What is a reverse mortgage? Similar to a conventional mortgage (“Conventional Mortgage”), the borrower in a reverse mortgage (“Reverse Mortgage”) will continue to own the home. The lender does not take title to the home, but rather will have a lien on the property. The term “reverse” is essentially referring to a chronological difference compared to a Conventional Mortgage. In a Conventional Mortgage arrangement, the borrower receives loan proceeds, but then must make monthly payments in order to pay down the borrowed principal and accrued interest. In contrast, in a Reverse Mortgage arrangement the borrower does receive the loan proceeds up front, but no payments on the loan need to be made while the homeowner is alive and continues to live in the home. In a Reverse Mortgage, the loan is most commonly paid off following the death of the homeowner.
What is a private reverse mortgage? A private reverse mortgage is simply a mortgage loan arrangement where a family member or other third-party individual serves as the lender, rather than a commercial financial lender. Commercial reverse mortgage loans must comply with quite a few federal laws and regulations but private loan arrangements have no such regulatory requirements and therefore permit much more flexibility.
What are the advantages of a private reverse mortgage as compared to a commercial one? Commercial reverse mortgage loans can be very expensive to the borrower and may include hefty loan origination fees that are effectively hidden, since the loan often is not repaid until after the borrower has passed away. In contrast, the avoidance of expensive fees via a private mortgage provides a financial benefit to the borrower and/or other family members, since those commercial loan fees would otherwise erode the assets of the homeowner that may eventually be left for heirs to inherit. Another common cost involved in a commercial arrangement is mortgage insurance that insures the lender against non-repayment. Such mortgage insurance will not be required with a typical private loan arrangement.
What types of situations would merit a private reverse mortgage arrangement? A private reverse mortgage is a mechanism that can provide a reasonably healthy but cash-poor senior homeowner with sufficient liquidity to stay in the home. It can also provide a source of funds for the homeowner to employ home health aides, which may make it possible for the homeowner to stay at home safely for a longer period of time. However, if from a care planning perspective the senior homeowner cannot be adequately cared for outside of a nursing home or an assisted living facility, then a private reverse mortgage would not be a suitable planning tool even if the family has the financial means to make it work.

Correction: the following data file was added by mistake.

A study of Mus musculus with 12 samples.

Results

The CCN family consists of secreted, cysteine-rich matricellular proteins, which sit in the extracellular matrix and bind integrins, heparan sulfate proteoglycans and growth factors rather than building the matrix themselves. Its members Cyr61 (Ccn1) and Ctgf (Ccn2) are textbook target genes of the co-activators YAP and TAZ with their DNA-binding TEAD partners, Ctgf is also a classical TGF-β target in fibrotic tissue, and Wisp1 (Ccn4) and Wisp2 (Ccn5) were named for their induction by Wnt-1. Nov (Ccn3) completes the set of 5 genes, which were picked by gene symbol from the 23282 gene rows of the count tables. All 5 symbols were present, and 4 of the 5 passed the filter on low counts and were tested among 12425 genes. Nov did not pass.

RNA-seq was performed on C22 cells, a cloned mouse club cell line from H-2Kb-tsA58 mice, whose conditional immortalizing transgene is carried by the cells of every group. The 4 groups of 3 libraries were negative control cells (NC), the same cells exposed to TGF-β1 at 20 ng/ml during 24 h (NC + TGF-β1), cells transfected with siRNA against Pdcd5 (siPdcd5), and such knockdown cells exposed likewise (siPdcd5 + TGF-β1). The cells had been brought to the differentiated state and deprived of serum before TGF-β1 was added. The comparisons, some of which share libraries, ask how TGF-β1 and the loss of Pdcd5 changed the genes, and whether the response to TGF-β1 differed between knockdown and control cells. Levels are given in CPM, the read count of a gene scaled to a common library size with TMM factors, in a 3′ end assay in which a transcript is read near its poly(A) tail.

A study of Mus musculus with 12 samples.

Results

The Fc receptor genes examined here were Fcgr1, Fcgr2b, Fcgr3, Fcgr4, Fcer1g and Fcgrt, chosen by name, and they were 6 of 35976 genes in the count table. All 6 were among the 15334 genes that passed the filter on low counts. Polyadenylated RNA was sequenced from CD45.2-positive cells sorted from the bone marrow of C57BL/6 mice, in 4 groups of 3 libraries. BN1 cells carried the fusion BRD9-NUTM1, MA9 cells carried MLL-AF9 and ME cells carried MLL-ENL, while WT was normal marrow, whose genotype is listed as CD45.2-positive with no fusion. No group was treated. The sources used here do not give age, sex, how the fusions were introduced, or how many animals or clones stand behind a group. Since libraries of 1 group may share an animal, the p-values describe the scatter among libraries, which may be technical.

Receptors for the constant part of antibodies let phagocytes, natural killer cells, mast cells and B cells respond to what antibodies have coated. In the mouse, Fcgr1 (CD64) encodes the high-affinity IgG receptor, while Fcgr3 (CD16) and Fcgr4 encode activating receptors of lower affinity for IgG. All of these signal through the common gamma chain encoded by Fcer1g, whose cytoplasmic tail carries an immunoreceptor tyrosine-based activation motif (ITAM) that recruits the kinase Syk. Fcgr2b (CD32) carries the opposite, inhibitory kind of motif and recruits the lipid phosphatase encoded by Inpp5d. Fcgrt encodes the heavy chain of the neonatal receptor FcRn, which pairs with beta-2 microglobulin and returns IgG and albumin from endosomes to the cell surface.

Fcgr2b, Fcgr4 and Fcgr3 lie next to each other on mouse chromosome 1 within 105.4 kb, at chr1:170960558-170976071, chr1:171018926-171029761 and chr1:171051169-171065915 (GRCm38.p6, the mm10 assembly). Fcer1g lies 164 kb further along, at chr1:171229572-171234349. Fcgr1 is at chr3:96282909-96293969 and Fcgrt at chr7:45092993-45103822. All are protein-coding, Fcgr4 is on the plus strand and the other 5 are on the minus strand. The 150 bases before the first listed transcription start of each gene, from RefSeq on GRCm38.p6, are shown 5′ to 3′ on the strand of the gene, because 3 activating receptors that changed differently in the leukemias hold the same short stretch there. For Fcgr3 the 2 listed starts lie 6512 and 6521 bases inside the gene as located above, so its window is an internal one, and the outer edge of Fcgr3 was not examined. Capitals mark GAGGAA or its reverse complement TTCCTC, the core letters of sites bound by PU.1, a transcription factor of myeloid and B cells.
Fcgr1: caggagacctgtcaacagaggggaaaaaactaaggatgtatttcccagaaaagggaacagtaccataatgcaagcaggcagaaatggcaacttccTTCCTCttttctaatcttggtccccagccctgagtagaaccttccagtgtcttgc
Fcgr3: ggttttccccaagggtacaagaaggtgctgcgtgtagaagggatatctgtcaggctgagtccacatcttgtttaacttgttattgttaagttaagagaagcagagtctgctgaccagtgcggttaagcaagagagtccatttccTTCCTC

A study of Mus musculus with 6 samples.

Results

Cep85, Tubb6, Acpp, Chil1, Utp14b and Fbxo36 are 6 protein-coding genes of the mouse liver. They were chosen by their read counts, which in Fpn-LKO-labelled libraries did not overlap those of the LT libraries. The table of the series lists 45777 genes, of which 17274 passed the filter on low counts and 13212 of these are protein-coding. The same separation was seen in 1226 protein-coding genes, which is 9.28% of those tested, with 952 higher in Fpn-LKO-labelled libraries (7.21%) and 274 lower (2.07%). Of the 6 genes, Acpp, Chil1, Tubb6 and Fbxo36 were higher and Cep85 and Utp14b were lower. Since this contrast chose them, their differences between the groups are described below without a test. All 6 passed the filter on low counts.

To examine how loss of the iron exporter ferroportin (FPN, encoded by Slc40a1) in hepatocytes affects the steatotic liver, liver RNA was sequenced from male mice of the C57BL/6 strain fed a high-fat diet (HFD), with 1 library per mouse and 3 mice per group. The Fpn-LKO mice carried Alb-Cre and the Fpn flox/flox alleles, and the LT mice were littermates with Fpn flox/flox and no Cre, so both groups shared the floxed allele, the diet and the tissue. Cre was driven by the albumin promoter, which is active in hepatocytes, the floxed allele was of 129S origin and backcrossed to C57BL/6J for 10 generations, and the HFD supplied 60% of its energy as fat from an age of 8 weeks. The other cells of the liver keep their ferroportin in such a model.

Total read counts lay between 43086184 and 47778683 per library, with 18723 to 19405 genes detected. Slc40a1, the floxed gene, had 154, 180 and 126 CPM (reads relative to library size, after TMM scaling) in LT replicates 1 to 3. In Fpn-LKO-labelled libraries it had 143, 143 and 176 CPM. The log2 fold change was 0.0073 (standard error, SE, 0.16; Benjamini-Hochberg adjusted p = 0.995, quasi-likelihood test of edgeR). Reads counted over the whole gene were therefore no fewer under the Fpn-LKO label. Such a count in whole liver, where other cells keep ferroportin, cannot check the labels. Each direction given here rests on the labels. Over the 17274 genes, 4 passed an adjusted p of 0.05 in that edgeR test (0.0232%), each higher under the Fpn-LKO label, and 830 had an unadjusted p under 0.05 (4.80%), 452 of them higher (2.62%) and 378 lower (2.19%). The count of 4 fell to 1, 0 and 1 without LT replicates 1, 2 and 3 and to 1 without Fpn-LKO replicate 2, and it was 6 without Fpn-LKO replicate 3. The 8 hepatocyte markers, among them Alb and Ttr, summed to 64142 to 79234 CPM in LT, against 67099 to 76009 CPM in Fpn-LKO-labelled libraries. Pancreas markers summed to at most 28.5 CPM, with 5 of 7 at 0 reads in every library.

One fairly basic requirement for a private loan is a lender with sufficient liquidity to make the loan. From the perspective of the prospective lender, the reverse mortgage loan is an investment and the lender must be mindful of the opportunity cost of not making other sorts of investments with the sum borrowed by the homeowner.
What are potential issues or things to avoid in a private reverse mortgage arrangement? To protect both the borrower and the intra-family lender, the arrangement must be formally documented. A commercially viable promissory note and mortgage deed must be drafted and the signed mortgage deed must be recorded on the town land records just like any other deed.
To be considered commercially viable, the loan must accrue interest at a reasonable rate given the prevailing interest rates at the time the loan is made. While the family member lender may not care much about earning interest on the principal of the loan, the IRS will impute an interest rate if none is set under the terms of the loan. If the homeowner eventually applies for Medicaid or similar benefits the loan may be questioned if the interest rate is to high or otherwise not commercially reasonable.
Like any loan, the lender is assuming some risk that the loan will never be fully repaid in the end. A reverse mortgage is repaid using the sale proceeds from the equity in the home after the homeowner dies. If the fair market value of the real estate declines after the loan is made for any reason, then the proceeds may not be sufficient to repay the loan in its entirety. If the family collectively agrees that one member of the family should make the loan, and there is an issue later where the loan cannot be fully repaid, intra-family acrimony may be heightened since not all of the homeowner’s children have borne the financial costs equally.
As with any significant financial decision, it is important to have knowledgeable counsel during the process of obtaining a private reverse mortgage. If you have questions about this tool, or planning for long-term care at home, please call our office at 888-822-8778.